Some like it hot! I certainly do. I love the overbearing heat of the Caribbean, and, when accompanied by a few of my favorite people on the planet, the experience is a recipe for vibrant and colorful conversations on Bavaro Beach in the Dominican Republic.
My tribe’s time spent in the DR is an annual celebration of brotherhood. It gives birth to formidable bonds shaped by a common thread of our life experiences. As we coast through Pride month while quarantined inside thanks to Covid-19, my band of brothers, along with many others with canceled getaways, are having to redefine what Pride means to us now.
Most of us are navigating through a new normal of mandatory masks in public spaces, and for some, a lazy attempt at social distancing. All elements that make it challenging for ”prides” and circuit parties ever to resemble what we’ve always known them to be. As popular same gender loving events such as Sizzle Miami, DC, and Atlanta Black pride announced their cancellations for 2020, many wondered how are black SGL men finding connection in such turbulent times of health scares and social unrest?
Social media, often characterized as the purveyor of idle minds, has become the means to an end when it comes to keeping in contact with friends. Through outlets like Facebook, Zoom, and Instagram live, we get to redefine what pride can look like without all of the rainbow bells and whistles.
We are more than just elaborate theme parties, rooftop brunch soirees, and house parties but rather a connection built off of the need for a family outside of our own. Our new normal of virtual connection has proven to be a saving grace for men quarantining while gay.
The celebrations of pride, whether it be big or small, now take on a different tone.
TikTok, and Don’t rush challenges allowed us to keep our lighthearted nature while exercising our creative flair. Instagram #ThrowbackThursday photos warranted digging up old vacation photos with the crew. A reminder that our time together creating memories used to be in person and included beach chairs and Hennessy margaritas.
Until we can physically clink glasses in a toast to friendship, we can celebrate the recent Supreme Court ruling, which states the 1964 Civil Rights Act includes federal protections in the workplace for the gay, lesbian, bisexual, and transgender community. As we tip our hats to the historical significance of such a moment, black men and women under that new umbrella of protection are also still fighting for our blackness to matter.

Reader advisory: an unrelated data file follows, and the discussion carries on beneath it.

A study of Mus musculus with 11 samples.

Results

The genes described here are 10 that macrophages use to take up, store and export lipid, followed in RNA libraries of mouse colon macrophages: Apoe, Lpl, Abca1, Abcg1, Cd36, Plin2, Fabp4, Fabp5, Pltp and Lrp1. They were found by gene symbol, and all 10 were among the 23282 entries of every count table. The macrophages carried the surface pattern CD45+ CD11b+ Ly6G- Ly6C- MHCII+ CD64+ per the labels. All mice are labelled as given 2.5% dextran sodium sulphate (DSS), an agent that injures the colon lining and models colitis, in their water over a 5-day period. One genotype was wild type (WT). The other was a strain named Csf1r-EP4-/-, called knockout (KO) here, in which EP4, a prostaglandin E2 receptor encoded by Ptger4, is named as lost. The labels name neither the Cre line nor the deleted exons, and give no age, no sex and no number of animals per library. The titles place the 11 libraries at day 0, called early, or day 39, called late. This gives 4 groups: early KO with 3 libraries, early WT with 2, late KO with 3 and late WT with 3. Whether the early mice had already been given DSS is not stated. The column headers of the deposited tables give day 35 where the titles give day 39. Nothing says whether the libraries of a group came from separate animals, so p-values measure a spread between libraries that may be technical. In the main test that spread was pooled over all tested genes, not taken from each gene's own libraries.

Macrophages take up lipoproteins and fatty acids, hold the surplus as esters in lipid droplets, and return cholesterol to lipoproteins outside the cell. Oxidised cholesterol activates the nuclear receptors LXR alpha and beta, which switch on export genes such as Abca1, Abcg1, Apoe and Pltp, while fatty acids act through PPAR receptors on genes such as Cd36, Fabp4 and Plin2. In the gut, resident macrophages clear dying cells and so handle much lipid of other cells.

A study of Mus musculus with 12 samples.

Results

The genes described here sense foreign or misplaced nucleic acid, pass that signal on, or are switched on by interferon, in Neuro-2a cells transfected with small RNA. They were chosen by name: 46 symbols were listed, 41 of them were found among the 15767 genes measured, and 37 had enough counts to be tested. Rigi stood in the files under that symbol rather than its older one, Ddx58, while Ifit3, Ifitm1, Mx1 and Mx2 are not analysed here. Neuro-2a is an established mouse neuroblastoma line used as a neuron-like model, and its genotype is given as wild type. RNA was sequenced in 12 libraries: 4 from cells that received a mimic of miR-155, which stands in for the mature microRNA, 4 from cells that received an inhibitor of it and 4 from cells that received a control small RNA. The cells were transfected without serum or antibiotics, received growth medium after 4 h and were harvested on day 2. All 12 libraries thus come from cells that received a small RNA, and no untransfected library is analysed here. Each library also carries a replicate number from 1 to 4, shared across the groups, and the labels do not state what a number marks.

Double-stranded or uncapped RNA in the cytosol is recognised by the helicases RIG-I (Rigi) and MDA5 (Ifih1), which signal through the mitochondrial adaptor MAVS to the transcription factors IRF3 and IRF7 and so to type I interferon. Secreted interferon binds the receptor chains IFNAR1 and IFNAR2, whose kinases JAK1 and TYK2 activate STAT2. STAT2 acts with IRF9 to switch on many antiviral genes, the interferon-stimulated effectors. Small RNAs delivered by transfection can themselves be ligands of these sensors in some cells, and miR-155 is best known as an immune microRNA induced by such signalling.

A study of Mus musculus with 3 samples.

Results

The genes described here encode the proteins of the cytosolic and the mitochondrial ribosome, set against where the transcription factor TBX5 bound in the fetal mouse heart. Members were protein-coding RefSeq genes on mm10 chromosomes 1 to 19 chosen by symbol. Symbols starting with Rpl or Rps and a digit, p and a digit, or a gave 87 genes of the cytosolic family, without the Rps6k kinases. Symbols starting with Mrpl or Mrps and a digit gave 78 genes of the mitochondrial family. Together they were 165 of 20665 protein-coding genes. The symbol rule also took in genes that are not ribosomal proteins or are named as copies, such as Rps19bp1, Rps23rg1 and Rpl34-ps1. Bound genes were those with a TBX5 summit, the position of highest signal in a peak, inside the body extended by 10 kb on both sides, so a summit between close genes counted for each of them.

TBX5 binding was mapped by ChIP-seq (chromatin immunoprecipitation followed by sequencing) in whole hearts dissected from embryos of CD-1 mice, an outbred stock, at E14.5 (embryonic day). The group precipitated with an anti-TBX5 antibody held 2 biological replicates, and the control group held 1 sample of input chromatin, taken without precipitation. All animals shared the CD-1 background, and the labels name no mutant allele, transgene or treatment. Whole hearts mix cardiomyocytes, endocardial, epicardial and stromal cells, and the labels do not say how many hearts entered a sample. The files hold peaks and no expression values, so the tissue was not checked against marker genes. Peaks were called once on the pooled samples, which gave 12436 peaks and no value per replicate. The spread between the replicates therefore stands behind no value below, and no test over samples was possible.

The untimely death of George Floyd, Rayshard Brooks, and Breonna Taylor is yet more proof that despite how educated we are, or while doing random acts such as sleeping while black, it can still get us killed. As protests erupt worldwide, showing a face of solidarity for equality (for all black lives) in the eyes of the law, pride, like justice, had to be reimagined for many of us tinkering between our support for who we love and the plight of our existence due to the color of our skin.
We are now merely living differently, and many of us are doing things for the very first time, like cooking or finally getting around to organizing that junk drawer. The celebrations of pride, whether it be big or small, now take on a different tone. Where we previously had the luxury of forgetting the reason for the season is a result of the courage of Marsha P. Johnson to survive without harassment, it’s painfully evident today that the same courage and acts of revolution are needed now.
The parties can wait. We’ve got work to do. We have to take care of ourselves and remain healthy for those who matter the most. I’m sure at some point in the not so distant future, we’ll have a new normal to exist in with less social distancing and hopefully, more radical ideas of what connection truly means. If COVID-19 has taught us anything, it’s that we have to be ready to adapt to any changes that challenge the very idea of who we think we are.
I miss my conversations with the fellas on the beach. Still, if the experience of the world today forces a new idea of pride based on voices demanding justice and equality across the intersection of race and sexuality, I’m okay with that.